Since life insurance policies pay out as a lump sum if you die during the policy term, when insurers consider your application, what they’re really doing is weighing up how likely it is that you will die in that time. Not the nicest thing to get your head around, but a helpful way to think about it when trying to understand how your condition might affect you when applying yourself.
Having diabetes will definitely cause insurers to consider this likelihood even more carefully during the ‘underwriting’ process that all applications go through. In simple cases, a decision about your application can be reached automatically, after asking a set of health and lifestyle questions. In more complex cases – e.g. for someone with an existing condition like diabetes, depending on the severity – it’s likely be handed over to a (human) underwriter for review.
Depending on how well controlled your diabetes is, you might find it more difficult or more expensive to get insured. This is because insurers may consider you higher risk to insure (so they’ll charge more to carry that risk) or too high risk (so they won’t be willing to insure you at all).
Can I buy life insurance if I’ve got diabetes?
Yes, you can apply for (and often buy) life insurance if you’ve got diabetes. Anyone who applies for life insurance has to answer questions about their health and lifestyle, which includes questions about their:
- Personal health history
- Family health history
- Height and weight (BMI)
- Smoking status
All of this will be taken into account during the underwriting process, as the insurer evaluates how much of a ‘risk’ you are to insure and how much you should pay to be covered. Your diabetes may affect what happens next, in terms of the insurer's decision, but you can always apply and, more often than not, buy cover. Getting help from an adviser can really help, as they’ll quickly be able to filter out the insurers most likely to accept your application, who offer the best terms for you and your circumstances.
What will insurers need to know about my diabetes?
If you’ve got diabetes, it’s likely you’ll be required to provide the following info during the underwriting process:
- If you’ve ever been diagnosed with with type 1 or type 2 diabetes
- When your last diabetic review was
- What treatment you have
- Details of any hospital admissions (besides regular reviews)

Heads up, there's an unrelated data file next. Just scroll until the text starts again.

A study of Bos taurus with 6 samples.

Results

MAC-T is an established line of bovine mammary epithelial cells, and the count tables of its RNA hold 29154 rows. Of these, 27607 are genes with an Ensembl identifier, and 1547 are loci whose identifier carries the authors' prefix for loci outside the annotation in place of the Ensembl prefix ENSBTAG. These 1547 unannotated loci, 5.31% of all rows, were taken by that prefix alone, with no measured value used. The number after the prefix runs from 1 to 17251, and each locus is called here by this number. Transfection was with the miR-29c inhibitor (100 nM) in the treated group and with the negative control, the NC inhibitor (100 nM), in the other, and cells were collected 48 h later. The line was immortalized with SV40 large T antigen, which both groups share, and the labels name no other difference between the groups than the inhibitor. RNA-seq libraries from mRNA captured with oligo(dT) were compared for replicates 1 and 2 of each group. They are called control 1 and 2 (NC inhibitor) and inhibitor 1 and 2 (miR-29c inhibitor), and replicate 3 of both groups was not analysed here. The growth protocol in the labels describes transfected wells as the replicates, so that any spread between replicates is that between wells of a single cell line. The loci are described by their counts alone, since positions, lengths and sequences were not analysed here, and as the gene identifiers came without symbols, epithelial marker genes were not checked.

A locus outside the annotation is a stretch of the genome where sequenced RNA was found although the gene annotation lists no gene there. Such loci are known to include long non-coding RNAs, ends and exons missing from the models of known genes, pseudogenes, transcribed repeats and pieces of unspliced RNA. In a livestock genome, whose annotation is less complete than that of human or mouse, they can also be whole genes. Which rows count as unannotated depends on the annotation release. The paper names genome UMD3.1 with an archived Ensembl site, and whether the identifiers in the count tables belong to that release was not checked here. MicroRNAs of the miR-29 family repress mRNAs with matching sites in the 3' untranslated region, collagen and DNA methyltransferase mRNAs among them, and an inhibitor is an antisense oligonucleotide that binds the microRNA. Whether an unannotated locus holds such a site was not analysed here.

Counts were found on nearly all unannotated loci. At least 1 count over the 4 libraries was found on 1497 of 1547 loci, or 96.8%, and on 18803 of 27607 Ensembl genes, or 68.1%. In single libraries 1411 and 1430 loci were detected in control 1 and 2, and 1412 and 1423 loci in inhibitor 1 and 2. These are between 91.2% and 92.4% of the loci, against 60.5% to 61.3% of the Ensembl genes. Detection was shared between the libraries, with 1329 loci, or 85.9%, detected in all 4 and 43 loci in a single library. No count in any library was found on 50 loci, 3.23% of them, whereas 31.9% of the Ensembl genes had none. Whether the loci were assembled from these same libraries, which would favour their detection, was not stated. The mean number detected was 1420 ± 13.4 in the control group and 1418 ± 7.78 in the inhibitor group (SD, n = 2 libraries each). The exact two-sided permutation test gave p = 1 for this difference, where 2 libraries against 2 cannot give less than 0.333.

- The result of your latest HbA1c test
- And any other complications – e.g. eye problems, kidney problems, abnormal urine test results, or any tingling or numbness in the fingers, toes or feet
How will my diabetes affect my life insurance application?
Typically, there are a few possible outcomes when you apply for life insurance but disclose a pre-existing health condition. These include:
- Your application being accepted as normal, with standard pricing rates (i.e. the same as they’d be for someone without diabetes)
- Your application being accepted but with a ‘loading’ on the price (i.e. your rates will be between 50% and 150% higher than they would be for someone without diabetes)
- Your application being accepted but with an exclusion in the policy conditions (i.e. relating to your specific condition)
- Your application decision being postponed (this happens if the insurer thinks your diabetes poses too much of a risk right now, but has the potential to improve in the future)
- Your application being declined (this happens if the insurer thinks your diabetes makes you too high risk to insure)
When it comes to diabetes, it’s often about how well controlled your condition is. Some insurers might charge more to insure you or not be willing to insure you at all if your answers indicate that you have poor control of your condition – e.g. because of your latest HbA1c test result; because you also smoke a certain number of cigarettes a day; or your condition has caused other complications.
Other insurers might choose to postpone the decision – e.g. if you’re under a certain age; you haven’t had a diabetic review recently enough; you haven’t had your HbA1c measured; or if you’ve been recently hospitalised due to your condition. In general, it’s safe to assume that:
- Insurers will add a higher ‘loading’ to the price of life insurance for type 1 diabetes than for type 2 diabetes
- Life insurance applications for people with type 1 diabetes are declined more often than they are for people with type 2 diabetes
- Having type 2 diabetes will be looked on less favourably if you have it when you're younger rather than older
- You’re unlikely to be able to get life insurance cover if you have a HbA1c level above 11%
- Any underwriting outcome for someone with diabetes will always be highly dependent on their BMI, blood pressure and cholesterol levels
Why you should always disclose your diabetes
When applying for life insurance, it’s extremely important to answer all the health questions honestly. If you don’t disclose that you’ve got diabetes when you have, regardless of how well controlled it is, you risk invalidating your policy and it not paying out in the future (this is the most common reason for claims not being paid out by insurers).